Superb Lyrebird (also known as peacock-wrens OR Australian birds-of-paradise) is one of the native ancient bird of Australia which is not found anywhere else and its history dates back to 15 million years ago.
I wanted to see lyrebird for a while in wild but did not know how to find it… That’s the same question I face every time when I go outing in search of birds and/or wildlife and answer remain always same… I need to know them (bird/animal) very well…
In the case of lyrebirds, they make lots of sounds when they are in breeding season to attract female and also to declare their territory. Otherwise, in another season they are not that active and it’s extremely hard to find them in dense forest.
In Victoria, Melbourne lyrebird’s breeding season happens to be June-July, so if you visit the nearby park during these months then there are high chances of seeing this bird in wild.
Now watching this bird is one thing and photographing is another challenge, reason being, most of the forests are covered with tall trees and not enough light comes to the ground, so camera struggles to focus and capture the photo even though it’s very well visible for human eyes.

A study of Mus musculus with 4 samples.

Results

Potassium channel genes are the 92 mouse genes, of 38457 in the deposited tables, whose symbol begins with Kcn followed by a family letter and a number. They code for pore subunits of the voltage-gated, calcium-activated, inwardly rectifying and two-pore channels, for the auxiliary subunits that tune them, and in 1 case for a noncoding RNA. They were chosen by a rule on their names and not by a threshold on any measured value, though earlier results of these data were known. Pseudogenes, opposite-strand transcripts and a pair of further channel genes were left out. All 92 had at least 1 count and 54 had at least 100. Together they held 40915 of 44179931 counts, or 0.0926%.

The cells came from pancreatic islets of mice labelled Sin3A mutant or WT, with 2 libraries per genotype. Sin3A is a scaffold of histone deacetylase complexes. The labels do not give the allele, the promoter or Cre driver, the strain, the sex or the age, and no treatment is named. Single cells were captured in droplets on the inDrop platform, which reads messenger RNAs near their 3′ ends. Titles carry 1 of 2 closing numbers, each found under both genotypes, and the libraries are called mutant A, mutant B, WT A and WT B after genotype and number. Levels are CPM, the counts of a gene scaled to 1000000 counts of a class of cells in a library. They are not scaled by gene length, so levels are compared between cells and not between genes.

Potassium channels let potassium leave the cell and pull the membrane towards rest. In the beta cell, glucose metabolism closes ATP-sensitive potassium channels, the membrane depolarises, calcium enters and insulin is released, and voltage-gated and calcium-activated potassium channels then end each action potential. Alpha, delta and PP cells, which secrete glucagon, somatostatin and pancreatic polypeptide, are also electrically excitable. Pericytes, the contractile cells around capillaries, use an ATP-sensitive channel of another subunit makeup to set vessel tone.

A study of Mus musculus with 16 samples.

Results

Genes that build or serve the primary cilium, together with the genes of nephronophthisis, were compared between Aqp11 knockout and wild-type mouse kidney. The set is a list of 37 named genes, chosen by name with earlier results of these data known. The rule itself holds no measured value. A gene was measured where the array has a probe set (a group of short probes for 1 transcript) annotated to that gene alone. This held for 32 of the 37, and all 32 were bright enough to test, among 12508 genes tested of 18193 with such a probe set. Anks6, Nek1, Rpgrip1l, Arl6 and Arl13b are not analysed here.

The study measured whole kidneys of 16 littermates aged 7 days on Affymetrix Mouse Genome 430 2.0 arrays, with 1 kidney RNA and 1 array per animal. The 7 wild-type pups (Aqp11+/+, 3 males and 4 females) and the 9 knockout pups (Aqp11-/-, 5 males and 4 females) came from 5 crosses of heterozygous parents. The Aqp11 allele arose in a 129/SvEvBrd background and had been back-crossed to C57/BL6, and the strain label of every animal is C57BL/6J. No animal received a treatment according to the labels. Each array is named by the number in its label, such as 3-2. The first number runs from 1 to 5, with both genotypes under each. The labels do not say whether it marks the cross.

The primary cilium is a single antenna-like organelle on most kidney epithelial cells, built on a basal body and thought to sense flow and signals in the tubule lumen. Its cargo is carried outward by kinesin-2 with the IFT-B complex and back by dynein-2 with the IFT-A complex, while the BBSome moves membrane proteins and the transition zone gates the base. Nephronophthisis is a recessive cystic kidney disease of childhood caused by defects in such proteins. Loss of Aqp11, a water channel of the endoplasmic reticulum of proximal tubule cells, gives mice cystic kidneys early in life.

The solution is to increase ISO and set your f-number low. However to get the maximum bird in focus you will require enough depth of field, for me, it was around f7.1, and I tried to achieve shutter speed to be same or more than my focal length.
So on this particular day, I had to increase ISO to 3200, with f7.1 and I got the shutter speed of 1/160 for the focal length of 232mm with image stabiliser ON and I was able to get this shot.
However, with so much bush and shrubs around the bird, I was not getting any clear view so I paused for a second, and thought, how can make this scene work for me? After careful thinking, I did visualise the shot in my head, an abstract of lyrebird’s tail, which came as below and for me, it’s so beautiful and giving the different perspective and view.
When - Visit during Mid Jun Till end of July
Where - Grants Picnic Ground Shelter. 70 Monbulk Rd Kallista (Near Puffing Billy Railway)
Thanks to BirdLife Melbourne Photography Group who organised the Birdwatching Walk.